A few days ago, a contact of mine forwarded an article entitled “Content Marketing is Dead”. He knows that I’m a big advocate of inbound marketing, and that content sits at the heart of much that we do. My initial response was … “what a load of crap”! My subsequent response was to highlight the irony of reading about the death of content marketing on a blog post littered with calls-to-action and obvious marketing “triggers”. It seems that the author himself can detect at least a faint pulse. Then I actually read the piece.
After much elaboration and the introduction of lazy marketing cliché #491 … “Engagement Marketing” … the author came to the conclusion that content marketing is NOT dead.
SO WHY MAINTAIN IT’S DEMISE IN THE HEADLINE? As frustrating as it is to find such disparity between the title of a blog post or article and it’s contents, it illustrates a n interesting and long-standing truth. Controversy sells. This blog post had already gotten a smattering of social shares, a couple of comments, and had evidently been one of the better performers on this particular blog site. If it weren’t for the challenging and outlandish headline (outlandish because of the ardent following that content marketing has mustered in recent times), this post may have suffered the same fate as many others … no engagement, no audience, no point.
But does a controversial title have to breed disappointment once the content is digested? Of course not. The challenge for any content marketer in using controversy is the ability to provide substance to the argument. If there were hard facts to support their alternative view, then the level of controversy would likely be reduced. Here are a few pointers for using controversy effectively in your own content strategy:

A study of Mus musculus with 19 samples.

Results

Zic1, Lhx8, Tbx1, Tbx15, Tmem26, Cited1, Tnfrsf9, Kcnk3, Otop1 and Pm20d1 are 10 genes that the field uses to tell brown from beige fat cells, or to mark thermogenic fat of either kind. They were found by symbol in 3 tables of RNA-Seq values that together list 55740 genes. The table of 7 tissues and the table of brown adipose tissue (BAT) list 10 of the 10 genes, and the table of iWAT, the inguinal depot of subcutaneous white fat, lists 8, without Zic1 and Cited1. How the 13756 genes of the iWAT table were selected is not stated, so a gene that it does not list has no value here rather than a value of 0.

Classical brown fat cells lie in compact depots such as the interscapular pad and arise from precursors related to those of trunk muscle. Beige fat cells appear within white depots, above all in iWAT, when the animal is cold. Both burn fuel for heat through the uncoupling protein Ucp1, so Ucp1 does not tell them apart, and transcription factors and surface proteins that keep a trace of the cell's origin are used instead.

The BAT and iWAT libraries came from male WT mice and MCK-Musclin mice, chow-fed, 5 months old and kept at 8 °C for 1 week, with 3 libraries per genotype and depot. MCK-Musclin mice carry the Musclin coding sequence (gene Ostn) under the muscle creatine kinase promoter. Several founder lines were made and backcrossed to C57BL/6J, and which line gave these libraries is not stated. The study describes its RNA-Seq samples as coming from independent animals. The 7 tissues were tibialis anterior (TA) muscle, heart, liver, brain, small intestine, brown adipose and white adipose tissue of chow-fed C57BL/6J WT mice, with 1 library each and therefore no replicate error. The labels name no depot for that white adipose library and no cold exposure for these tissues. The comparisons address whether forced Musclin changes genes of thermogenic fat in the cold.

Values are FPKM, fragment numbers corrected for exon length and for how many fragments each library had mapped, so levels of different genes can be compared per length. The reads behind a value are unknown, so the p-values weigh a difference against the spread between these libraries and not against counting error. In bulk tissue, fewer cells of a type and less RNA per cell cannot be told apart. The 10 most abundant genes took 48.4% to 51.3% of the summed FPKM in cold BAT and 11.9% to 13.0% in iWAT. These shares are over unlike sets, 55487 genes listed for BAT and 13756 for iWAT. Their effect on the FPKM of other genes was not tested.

If you’re going to follow through in your challenge on the status quo, it must really be your default stance and true belief. Don’t take a skewed view for the sake of it – getting caught out is no fun for anyone.
State it as opinion
If the facts to support your stance just aren’t there, then they likely don’t exist. Whatever views you have are just that … YOUR views. Readers will thank you for avoiding the temptation of stating as fact what is merely your opinion, so go out of your way to say as much. Inviting visitors to submit their own views will likely increase engagement in a more friendly and less challenging way.
Go BIG or go home! #YawnNoMore
Controversy doesn’t just jab the sleeping tiger with a bendy twig. It takes a long run up, and slaps it hard on the ass with a kayak paddle! Meaningful controversy means going all out with your opinions, and leaving it all out on the table. The temptation to play it safe will be countered with an apathetic reader, high bounce rates, low engagement … in short, a wasted opportunity.
Hopefully this post has lived up to the title, and if so, do let us know in the comments below. More than that, though, where have you seen controversy really work? Similarly, have you been left disappointed by a piece of content that promised so much in the headline, yet delivered very little?